A Costumer’s Handbook

posted by David Draper, A.C.T. Costume Shop Manager

Today we are doing final fixes on the costumes for Rich and Famous. Last Thursday was the first preview performance, and no major changes were requested. We still have some finishing to do: satin bindings on two of the tuxedo jackets, jewels on Leanara’s dress . . . but the end is in sight.

This show is the tricky slot in the season schedule. A Christmas Carol has a shorter—if jam-packed—run than most shows, and keeps us busy right up to its opening each year. Add in the holidays, and the build time for Show #4 [Rich and Famous] is tight.

The holiday season also brings some special obstacles to confront. Shopping locally means contending with the hordes of amateurs who clog the stores and walkways. Doing business online can also be a headache, with shipping departments backed up, inventories not at their fullest, and short-staffing everywhere. Then we get into the shipping companies who put on extra people who apparently just don’t care. It happens every year, but more so this year: we get notices that drivers get no response from us and can’t make the delivery at times when everyone is in the costume shop working. It got so frustrating that we literally took shifts at the front door when we expected deliveries. Of course that had a lot to do with our building owner not fixing the intercom, but that rant is for another day.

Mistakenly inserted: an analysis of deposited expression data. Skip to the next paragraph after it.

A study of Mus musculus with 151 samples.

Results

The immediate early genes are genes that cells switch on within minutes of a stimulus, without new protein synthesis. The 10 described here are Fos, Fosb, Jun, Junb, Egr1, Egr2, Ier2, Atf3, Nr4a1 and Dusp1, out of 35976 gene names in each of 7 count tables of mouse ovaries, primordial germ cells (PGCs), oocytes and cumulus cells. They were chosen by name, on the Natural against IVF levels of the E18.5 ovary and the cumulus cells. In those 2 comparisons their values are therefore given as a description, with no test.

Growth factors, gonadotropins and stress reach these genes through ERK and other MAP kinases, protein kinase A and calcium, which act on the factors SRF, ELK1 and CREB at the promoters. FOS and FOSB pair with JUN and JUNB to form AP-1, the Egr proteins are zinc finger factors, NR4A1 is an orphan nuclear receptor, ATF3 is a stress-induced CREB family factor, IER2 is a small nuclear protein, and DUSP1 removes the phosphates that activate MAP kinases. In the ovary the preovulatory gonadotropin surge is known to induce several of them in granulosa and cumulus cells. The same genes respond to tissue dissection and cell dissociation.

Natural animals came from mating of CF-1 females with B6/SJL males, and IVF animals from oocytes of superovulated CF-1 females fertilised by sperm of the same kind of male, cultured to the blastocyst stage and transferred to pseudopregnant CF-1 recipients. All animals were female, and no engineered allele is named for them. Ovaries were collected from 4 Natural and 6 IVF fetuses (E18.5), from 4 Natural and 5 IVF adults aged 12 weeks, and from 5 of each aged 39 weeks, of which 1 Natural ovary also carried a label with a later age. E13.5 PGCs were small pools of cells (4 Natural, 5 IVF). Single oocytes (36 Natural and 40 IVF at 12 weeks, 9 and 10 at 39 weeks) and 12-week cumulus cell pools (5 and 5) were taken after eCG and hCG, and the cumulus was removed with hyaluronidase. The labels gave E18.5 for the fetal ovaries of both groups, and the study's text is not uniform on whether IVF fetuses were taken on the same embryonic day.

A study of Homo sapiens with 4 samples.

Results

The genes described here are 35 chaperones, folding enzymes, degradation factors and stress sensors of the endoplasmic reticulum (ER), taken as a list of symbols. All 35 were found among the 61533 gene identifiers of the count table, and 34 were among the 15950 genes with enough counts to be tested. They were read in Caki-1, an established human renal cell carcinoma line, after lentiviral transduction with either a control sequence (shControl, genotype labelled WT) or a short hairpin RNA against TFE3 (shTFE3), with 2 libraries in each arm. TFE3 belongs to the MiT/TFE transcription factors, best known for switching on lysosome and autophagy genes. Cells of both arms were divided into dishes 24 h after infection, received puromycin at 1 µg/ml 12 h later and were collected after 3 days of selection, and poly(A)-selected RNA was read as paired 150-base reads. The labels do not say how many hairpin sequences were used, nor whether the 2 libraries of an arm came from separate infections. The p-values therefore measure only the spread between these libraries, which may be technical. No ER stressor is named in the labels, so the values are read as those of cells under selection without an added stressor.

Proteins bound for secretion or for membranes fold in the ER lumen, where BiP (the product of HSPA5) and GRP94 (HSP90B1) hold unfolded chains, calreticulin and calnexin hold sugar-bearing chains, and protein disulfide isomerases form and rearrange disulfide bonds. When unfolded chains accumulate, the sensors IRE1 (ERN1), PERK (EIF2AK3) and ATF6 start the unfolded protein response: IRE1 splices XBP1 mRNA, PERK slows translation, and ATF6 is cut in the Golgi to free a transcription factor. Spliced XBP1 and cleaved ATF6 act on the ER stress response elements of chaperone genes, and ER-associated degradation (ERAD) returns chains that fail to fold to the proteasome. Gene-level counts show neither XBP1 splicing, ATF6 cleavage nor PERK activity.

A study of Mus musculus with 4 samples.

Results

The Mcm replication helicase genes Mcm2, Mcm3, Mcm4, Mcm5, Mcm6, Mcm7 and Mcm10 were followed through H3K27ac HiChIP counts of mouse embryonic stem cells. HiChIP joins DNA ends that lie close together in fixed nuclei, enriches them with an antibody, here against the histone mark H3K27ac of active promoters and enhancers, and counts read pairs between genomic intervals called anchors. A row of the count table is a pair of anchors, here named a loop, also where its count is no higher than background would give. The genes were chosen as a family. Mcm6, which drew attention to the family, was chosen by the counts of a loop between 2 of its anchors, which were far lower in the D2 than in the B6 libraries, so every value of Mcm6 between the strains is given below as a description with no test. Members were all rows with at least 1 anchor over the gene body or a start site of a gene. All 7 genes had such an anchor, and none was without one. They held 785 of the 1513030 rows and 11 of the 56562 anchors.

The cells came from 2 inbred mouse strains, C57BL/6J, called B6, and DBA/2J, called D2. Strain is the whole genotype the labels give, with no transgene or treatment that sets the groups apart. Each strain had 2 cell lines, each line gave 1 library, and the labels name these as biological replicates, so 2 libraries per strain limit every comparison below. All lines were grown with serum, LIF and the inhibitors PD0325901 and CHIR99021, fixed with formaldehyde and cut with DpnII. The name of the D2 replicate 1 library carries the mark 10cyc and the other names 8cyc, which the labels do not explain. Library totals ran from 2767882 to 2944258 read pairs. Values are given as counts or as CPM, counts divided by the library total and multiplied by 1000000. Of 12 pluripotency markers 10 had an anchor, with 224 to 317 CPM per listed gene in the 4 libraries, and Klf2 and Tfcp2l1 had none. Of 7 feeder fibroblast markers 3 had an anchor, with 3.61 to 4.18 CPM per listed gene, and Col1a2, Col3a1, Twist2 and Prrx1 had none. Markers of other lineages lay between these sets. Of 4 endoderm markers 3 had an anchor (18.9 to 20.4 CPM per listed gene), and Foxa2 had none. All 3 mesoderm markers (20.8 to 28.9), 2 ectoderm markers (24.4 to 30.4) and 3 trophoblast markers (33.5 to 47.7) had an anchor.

Scheduling aside, the costumes for Rich and Famous are a really fun look at the ’70s. We had some ’70s fashions in Rock ’n’ Roll, but that wasn’t the broad comedy this is. Still, it’s interesting how certain periods of clothing will never get used and then suddenly you’re doing two shows from roughly the same era.

The Rich and Famous designs incorporate so many skill sets that they are like a costumer’s handbook. There are the aforementioned tuxedos, which need an experienced tailor. There is a hand-painted silk tunic, which has to withstand water getting thrown on it each performance. Then there are the costumes for the play-within-the-play [Bing Ringling’s masterpiece The Etruscan Conundrum]. Gregory Gale, the designer (you may remember he did the clothes for Urinetown a few years back) created a look for them that suggests a really earnest attempt at what are ultimately cheesy costumes. The tunic and cape [worn by A.C.T. Associate Artist Gregory Wallace as Aphro performing in The Etruscan Conundrum] are “ombré dyed,” which means that the colors are darker at the hems and fade to off-white as they move up. They also have stars appliquéd on them, which have the reverse color movement, light at the bottom, dark at the top. This all required we baste the costumes together, fit them, take them apart to dye, re-mark the pieces to account for any shrinkage in the process, put the stars on and then put ’em together for real. Oh, and then decorate with sew-on jewels! Makes us remember why we refer to “building” a costume rather than “making” or “sewing” it.

The whole shop is really proud of how this show turned out. The costumes are really imaginative and just plain fun. It took A.C.T’s really talented shop staff to execute them as imagined by Gregory Gale. Working through the holidays to boot!